Previously owned home sales fell unexpectedly in June as tight supply and increasing rates for mortgages imperiled the real-estate market recovery in the U.S.
Purchases (ETSLTOTL) fell 1.2 percent to a 5.08 million annualized rate, the National Association of Realtors reported today in Washington. The median forecast of 79 economists surveyed by Bloomberg called for a 5.26 million pace. Demand was the second-strongest since November 2009 following May’s downwardly revised 5.14 million rate.
First-time buyers are having difficulty finding properties for less than $100,000 as a lack of inventory pushes up property values, and higher mortgage rates are also starting to cool demand for more expensive houses in the West and Northeast, the real-estate agents group said. Federal Reserve Chairman Ben S. Bernanke last week said housing was one of the bright spots for growth and added policy makers will monitor the recent jump in borrowing costs to ensure it won’t derail the nascent recovery.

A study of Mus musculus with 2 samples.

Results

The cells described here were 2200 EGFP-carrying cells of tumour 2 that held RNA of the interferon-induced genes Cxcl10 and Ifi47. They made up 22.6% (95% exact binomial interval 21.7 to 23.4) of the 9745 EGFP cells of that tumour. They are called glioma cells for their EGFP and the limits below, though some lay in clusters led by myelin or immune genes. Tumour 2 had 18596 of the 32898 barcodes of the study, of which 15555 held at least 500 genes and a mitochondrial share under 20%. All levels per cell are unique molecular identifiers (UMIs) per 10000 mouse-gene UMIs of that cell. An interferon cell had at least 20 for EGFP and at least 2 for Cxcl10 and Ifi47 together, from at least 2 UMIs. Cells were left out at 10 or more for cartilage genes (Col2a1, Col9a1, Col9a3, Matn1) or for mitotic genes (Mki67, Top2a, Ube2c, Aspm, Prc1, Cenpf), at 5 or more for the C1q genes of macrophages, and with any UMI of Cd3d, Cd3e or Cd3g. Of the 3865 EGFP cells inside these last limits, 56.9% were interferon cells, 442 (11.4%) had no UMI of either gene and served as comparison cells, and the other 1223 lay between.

“Demand is still fairly strong, but this is where the inventory constraints come into play,” said Richard Moody, chief economist at Regions Financial Corp. in Birmingham, Alabama, who predicted sales would decline to a 4.99 million pace. “Inventories still remain fairly tight, particularly on the low end of the price scale.”
Estimates in the Bloomberg survey of economists ranged from 4.99 million to 5.5 million. The prior month’s pace was revised from a previously reported 5.18 million.
Sales climbed 8.2 percent from June 2012 before adjusting for seasonal variations, today’s report showed.
The median price of an existing home climbed 13.5 percent to $214,200 last month from $188,800 a year earlier.
The number of properties on the market increased 1.9 percent to 2.19 million, the fewest for any June since 2001. These data aren’t adjusted for seasonal changes, so it’s important to compare figures for the same month each year.
“There’s going to be a few bumps in the road, but overall we expect the housing market to look pretty decent,” said Michael Feroli, chief U.S. economist at JPMorgan Chase & Co. in New York, who projected sales would slow to a 5.05 million pace.